As Russia’s most determined and durable opposition figure, Alexei Navalny has employed an astute understanding of social media, an accountant’s ability to wade through financial data, a knack for sardonic humour and fierce resolve in the face of repeated threats.
Mr Navalny, a lawyer by training, earned a reputation as a Kremlin enemy writing about official corruption.
His activism expanded to organising anti-government protests and seeking political office, and over the years he had experienced frequent jailings, a chemical attack and an unexplained illness.
Now, his family, friends and supporters have a new reason to worry.
The 44-year-old opposition leader is in a grave condition in hospital after he became ill on a flight back to Moscow and fell into a coma.
His allies suspect he drank poisoned tea before boarding the plane.
Mr Navalny’s suffering is a shock and a worry to supporters who see him as a stalwart in Russia’s beleaguered opposition.
“Many times I was asked publicly and privately how I can support this terrible Navalny … I always answered the same way: Alexei Navalny risks his life every day for his beliefs,” Grigory Chkhartishvili, a dissident author noted for detective novels under the pen-name Boris Akunin, said on social media after Mr Navalny’s illness was announced.
Mr Navalny began his rise to prominence by focusing on corruption in Russia’s murky mix of politics and business.
In 2008, he bought shares in Russian oil and gas companies so he could push for transparency as an activist shareholder.
Mr Navalny’s work to expose corrupt elites had a pocketbook appeal to the Russian people’s widespread sense of being cheated.
Whether he was writing for his website or running for public office, his targets were likely to better resonate with potential supporters than more abstract goals such as democratic ideals and human rights.
Russia’s state-controlled television channels ignored Mr Navalny, but his investigations of dubious contracts and officials’ luxurious lifestyles got wide attention through the back channels of YouTube videos and social media posts.
The information uncovered by his Fund For Fighting Corruption mostly overrode the reservations that Mr Navalny’s nationalist streak and his advocacy for the rights of ethnic Russians raised, even in opposition circles.
Mr Navalny also understood the power of a pithy phrase and a potent image.
His description of President Vladimir Putin’s power-base United Russia party as “the party of crooks and thieves” attained instant popularity.
A lengthy investigation into then-prime minister Dmitry Medvedev’s lavish country getaway boiled down to the property’s well-appointed duck house; yellow duck toys soon became a way of deriding the prime minister.
The founder of two opposition political parties, he could also be flippant in the face of difficulty, tweeting sarcastic remarks from police custody or courtrooms on the many occasions he was arrested.
In 2017, after an assailant threw green-hued disinfectant in his face, seriously damaging one of his eyes, Mr Navalny joked in a video blog that people were comparing him to comic book character the Hulk.
Mr Navalny was frequently jailed for participating in protests – or sometimes even as he headed to them.
Online video reports of protests broadcast from Mr Navalny’s studios were sometimes enlivened by on-camera police raids.
He also faced more serious legal troubles.
In 2013, on the day after Mr Navalny had registered as a candidate for Moscow mayor, he was sentenced to five years in prison for an embezzlement conviction.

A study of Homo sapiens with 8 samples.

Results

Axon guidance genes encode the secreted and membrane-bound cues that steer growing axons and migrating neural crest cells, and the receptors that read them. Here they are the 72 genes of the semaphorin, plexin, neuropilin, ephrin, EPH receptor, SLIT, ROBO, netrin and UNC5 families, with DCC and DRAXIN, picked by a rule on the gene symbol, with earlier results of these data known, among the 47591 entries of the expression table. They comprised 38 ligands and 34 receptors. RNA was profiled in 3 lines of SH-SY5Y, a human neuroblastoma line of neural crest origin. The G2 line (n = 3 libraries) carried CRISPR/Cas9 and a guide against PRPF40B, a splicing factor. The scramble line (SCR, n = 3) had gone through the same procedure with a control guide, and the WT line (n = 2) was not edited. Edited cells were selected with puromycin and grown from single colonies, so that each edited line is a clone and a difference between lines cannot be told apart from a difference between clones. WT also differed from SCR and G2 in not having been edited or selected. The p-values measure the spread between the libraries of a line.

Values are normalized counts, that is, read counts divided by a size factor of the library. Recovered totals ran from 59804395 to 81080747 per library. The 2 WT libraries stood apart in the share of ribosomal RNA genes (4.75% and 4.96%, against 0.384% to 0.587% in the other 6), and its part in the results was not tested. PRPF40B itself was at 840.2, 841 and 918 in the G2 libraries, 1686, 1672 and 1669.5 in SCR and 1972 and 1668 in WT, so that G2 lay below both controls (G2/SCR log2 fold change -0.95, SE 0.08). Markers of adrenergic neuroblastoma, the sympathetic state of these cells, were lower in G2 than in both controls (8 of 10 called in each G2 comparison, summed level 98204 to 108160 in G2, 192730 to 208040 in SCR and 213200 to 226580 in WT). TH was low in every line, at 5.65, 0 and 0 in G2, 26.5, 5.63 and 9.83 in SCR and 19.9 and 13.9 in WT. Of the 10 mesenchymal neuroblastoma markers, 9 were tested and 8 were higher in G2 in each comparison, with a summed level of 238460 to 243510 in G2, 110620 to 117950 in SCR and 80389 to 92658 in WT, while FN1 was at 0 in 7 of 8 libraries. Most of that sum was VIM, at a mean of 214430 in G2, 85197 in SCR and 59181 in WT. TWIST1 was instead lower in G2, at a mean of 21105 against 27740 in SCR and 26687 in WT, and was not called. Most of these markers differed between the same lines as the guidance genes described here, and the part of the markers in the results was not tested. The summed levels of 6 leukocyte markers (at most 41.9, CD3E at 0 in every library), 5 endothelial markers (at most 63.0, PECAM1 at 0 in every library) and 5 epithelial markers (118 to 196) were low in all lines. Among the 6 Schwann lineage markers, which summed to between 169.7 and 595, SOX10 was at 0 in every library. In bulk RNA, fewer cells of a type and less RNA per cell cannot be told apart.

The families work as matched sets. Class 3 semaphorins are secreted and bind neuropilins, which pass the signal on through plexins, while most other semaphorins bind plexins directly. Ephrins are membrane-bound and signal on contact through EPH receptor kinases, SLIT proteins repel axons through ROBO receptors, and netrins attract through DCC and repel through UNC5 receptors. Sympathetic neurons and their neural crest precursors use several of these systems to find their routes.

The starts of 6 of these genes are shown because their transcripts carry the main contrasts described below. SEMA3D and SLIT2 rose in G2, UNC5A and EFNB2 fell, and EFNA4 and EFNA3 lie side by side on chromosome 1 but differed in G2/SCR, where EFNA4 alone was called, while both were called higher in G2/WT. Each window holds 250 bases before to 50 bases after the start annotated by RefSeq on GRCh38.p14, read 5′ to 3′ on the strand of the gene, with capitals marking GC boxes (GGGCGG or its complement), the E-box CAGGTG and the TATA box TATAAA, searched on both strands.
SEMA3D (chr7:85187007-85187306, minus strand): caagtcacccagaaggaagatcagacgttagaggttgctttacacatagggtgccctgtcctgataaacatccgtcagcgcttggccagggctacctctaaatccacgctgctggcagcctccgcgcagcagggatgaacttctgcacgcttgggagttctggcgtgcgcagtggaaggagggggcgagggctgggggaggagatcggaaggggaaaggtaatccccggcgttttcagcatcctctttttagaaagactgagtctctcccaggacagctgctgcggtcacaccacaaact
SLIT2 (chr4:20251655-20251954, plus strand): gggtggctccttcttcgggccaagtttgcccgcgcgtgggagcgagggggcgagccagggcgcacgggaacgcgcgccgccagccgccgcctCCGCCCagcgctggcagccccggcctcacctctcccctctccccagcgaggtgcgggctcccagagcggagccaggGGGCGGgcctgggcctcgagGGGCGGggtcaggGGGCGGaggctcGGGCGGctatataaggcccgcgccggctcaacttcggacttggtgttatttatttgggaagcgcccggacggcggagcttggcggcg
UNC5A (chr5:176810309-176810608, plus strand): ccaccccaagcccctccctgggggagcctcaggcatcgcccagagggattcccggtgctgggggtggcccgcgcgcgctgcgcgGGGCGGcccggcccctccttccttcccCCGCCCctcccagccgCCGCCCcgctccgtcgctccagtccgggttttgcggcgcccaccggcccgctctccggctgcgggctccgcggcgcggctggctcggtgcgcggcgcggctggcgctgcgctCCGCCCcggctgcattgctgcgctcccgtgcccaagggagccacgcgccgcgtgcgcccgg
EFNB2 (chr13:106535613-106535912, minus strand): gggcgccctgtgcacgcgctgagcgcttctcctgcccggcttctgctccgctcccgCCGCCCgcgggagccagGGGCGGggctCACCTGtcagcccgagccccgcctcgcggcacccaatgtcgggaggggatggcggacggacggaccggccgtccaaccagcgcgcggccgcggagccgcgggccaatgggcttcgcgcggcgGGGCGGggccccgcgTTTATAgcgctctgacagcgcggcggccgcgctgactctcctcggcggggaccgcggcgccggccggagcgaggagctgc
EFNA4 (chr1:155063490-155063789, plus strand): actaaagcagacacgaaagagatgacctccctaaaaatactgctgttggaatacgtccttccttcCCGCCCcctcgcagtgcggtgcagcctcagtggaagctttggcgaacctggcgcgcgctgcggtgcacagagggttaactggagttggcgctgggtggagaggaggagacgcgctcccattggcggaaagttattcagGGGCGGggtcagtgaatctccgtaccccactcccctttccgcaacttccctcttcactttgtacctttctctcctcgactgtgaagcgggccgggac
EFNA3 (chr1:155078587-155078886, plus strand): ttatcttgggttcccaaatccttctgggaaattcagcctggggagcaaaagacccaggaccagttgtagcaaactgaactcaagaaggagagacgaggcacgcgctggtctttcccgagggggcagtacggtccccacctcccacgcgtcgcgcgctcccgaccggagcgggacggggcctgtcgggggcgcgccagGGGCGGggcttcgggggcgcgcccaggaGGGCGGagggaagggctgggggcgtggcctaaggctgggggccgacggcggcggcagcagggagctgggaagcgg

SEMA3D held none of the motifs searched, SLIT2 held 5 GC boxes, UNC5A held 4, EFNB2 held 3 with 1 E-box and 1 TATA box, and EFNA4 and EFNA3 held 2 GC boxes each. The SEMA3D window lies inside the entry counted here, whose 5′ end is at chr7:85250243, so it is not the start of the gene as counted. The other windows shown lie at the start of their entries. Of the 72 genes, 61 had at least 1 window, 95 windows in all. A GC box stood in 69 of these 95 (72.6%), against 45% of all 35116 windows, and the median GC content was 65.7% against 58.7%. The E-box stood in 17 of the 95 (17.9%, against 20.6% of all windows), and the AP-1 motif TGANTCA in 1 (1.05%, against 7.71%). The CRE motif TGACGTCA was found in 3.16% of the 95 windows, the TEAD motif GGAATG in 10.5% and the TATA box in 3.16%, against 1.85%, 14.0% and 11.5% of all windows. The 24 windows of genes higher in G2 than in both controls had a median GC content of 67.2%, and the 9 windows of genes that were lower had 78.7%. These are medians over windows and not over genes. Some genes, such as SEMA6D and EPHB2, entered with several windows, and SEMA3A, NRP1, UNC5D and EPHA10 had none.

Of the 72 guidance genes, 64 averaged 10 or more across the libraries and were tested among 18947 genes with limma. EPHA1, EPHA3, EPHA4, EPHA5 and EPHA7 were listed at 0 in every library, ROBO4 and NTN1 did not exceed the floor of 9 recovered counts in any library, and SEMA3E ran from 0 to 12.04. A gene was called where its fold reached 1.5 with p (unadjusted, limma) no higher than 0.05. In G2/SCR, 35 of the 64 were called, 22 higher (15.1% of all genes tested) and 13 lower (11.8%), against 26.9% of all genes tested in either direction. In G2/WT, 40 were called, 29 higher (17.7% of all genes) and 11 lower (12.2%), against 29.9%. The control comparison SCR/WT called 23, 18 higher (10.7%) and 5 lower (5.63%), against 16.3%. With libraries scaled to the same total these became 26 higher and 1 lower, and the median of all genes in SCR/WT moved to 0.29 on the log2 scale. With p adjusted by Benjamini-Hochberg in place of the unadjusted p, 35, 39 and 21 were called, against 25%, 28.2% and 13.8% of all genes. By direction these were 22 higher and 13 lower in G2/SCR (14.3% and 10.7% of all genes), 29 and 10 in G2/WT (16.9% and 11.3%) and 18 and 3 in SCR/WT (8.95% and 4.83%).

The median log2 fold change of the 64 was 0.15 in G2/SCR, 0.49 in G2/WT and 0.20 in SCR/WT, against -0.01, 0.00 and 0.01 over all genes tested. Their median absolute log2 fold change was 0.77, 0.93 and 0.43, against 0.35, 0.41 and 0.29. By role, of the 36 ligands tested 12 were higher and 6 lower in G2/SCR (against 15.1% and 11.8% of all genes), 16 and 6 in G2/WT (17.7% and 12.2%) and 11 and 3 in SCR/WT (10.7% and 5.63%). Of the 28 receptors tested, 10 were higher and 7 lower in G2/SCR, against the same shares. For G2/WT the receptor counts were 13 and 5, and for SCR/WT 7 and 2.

He was accused of stealing timber from a company in a region where he was an adviser to the reformist governor.
But in a hugely surprising move, the prosecutor’s office appealed against the sentence hours later.
The opposition attributed his release to the massive protests that greeted news of Mr Navalny’s imprisonment, but many observers thought it was a calculated move by authorities to make sure the mayoral election two months later carried a tint of legitimacy.
Mr Navalny ended up placing second, an impressive performance against the incumbent mayor with the backing of Mr Putin’s political machine and who was popular among Muscovites for improving the capital’s infrastructure and aesthetics.
The embezzlement conviction was eventually reinstated, and Mr Navalny was convicted, along with his brother Oleg, in another embezzlement case in 2014.
His brother received a three-and-a-half year prison sentence, while Mr Navalny’s sentence was suspended.
Although he did not get sent to prison, the conviction blocked Mr Navalny from being able to carry out his plans to run against Mr Putin in Russia’s 2018 presidential election.
His own legal obstacles and the widespread obstruction authorities set before other independent candidates seeking public office led Mr Navalny and his organisation to adopt a new strategy for the 2019 Moscow city council elections.
The Smart Vote initiative analysed which candidate in each district appeared to have the best chance of beating United Russia’s pick and tried to drum up support for that candidate.
The initiative appeared to be a success, with nearly half of the city council seats going to “systemic opposition” candidates, although its effectiveness could not be quantified.
Mr Navalny intended to redeploy the same strategy in next year’s national parliament elections.
But the Moscow city council races may have foretold even worse troubles for Mr Navalny.
While jailed last summer for taking part in a pre-election protest against the exclusion of many independent candidates, Mr Navalny became ill and was taken to hospital.
The official version was that he had suffered an allergic reaction.
His supporters and some doctors said at the time that poisoning appeared to be a more likely explanation.